William “Bill” Stewart Calfee was born September 1944 about half way between Hindman & Hazard, KY. His family relocated to New Albany, IN during 1953. The Calfee family didn’t have much but, they had plenty of love to smooth out the rough times. Bill spent his youth in New Albany doing research along the Ohio River as most young boys love to do. He loved to spend his free time enjoying Mother Nature to her fullest. As a young lad Bill would scan various mail-order catalogs using a flashlight under his bed covers while dreaming about owning guns. Of course, he was supposed to be sleeping. Sleeping or dreaming about guns....that was a no brainer for Bill...he could sleep another time. Bill enjoyed the mechanics of things and how they worked so much that he always had to dis-assemble items to see why they worked the way they did. This “Have to know why” spirit carried over into his love of guns. Bill was fortunate to be growing up during a time that allowed competing high school rimfire rifle teams. Bill was a member of his New Albany high school’s rimfire team. This time sparked his interest into accurate rifles and what causes them to be accurate. Unknowing to him at the time, his future path was coming into focus. Back in the early 70’s Bill had a terrible accident while driving his employers’ utility truck. He had multiple fractures of his left leg and hip, a broken right hand and some internal injuries. This accident played a large part in him devoting more time to his gunsmithing interest due to the prolonged time needed for his recovery. His interest in guns helped him through this trying and difficult time. Bill had this desire to understand and make accurate rifles. The biggest obstacle to reaching his goal was that he didn’t know how to operate a metal lathe or mill. He met this challenge by reading all he could about them and putting his hands to the controls. He is self taught on his metal working equipment and now operates all of it proficiently as an extension of his own hands. Beginning in the late 1980’s Bills drive focused on the rimfire rifles and improving their accuracy as much as possible. Since then, this desire has consumed him in his every waking moment and controlled any idle time he may have enjoyed. He continues his quest to build the most accurate 22 rimfire rifles possible today.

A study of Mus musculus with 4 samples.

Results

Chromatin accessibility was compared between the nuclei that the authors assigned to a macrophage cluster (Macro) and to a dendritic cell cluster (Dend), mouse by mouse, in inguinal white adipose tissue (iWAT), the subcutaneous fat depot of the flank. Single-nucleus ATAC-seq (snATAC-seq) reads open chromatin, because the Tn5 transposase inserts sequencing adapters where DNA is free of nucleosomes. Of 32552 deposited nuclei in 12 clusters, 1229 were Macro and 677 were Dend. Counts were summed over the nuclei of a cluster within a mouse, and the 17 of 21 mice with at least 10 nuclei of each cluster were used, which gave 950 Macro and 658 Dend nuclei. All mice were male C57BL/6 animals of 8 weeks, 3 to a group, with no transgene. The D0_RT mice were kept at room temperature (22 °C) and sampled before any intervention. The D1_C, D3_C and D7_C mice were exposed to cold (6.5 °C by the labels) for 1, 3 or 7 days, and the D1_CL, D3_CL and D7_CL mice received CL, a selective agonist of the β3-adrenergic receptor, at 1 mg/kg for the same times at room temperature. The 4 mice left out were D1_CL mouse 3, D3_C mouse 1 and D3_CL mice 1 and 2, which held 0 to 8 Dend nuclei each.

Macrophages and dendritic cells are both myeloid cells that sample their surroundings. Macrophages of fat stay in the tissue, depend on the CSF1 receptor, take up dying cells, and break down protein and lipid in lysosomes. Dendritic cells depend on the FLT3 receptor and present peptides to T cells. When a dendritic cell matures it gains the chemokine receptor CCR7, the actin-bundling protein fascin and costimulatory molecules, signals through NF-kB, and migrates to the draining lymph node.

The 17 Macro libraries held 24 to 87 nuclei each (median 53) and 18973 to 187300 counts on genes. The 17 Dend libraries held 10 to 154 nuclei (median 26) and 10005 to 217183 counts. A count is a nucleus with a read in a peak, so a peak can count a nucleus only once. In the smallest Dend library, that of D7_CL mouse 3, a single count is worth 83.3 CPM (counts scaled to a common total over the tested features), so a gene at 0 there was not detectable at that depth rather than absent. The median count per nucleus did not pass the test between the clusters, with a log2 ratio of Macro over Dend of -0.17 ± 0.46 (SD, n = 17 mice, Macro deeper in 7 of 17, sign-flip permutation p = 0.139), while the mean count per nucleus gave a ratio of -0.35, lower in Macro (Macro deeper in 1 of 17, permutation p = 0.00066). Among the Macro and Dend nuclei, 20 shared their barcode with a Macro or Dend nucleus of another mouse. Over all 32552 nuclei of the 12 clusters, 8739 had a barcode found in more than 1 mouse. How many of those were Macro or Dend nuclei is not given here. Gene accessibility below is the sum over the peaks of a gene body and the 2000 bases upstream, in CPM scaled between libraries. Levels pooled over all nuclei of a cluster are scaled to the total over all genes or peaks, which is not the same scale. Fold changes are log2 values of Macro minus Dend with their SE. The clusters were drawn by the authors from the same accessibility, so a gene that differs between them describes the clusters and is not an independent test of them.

Few men can say they have known Africa as Capstick has known it—leading safaris through lion country; tracking man-eating leopards along tangled jungle paths; running for cover as fear-maddened elephants stampede in all directions. And of the few who have known this dangerous way of life, fewer still can recount their adventures with the flair of this former professional hunter-turned-writer.
Based on Capstick’s own experiences and the personal accounts of his colleagues, Death in the Long Grassportrays the great killers of the African bush—not only the lion, leopard, and elephant, but the primitive rhino and the crocodile waiting for its unsuspecting prey, the titanic hippo and the Cape buffalo charging like an express train out of control. Capstick was a born raconteur whose colorful descriptions and eye for exciting, authentic detail bring us face to face with some of the most ferocious killers in the world—underrated killers like the surprisingly brave and cunning hyena, silent killers such as the lightning-fast black mamba snake, collective killers like the wild dog.
Readers can lean back in a chair, sip a tall, iced drink, and revel in the kinds of hunting stories Hemingway and Ruark used to hear in hotel bars from Nairobi to Johannesburg, as veteran hunters would tell of what they heard beyond the campfire and saw through the sights of an express rifle.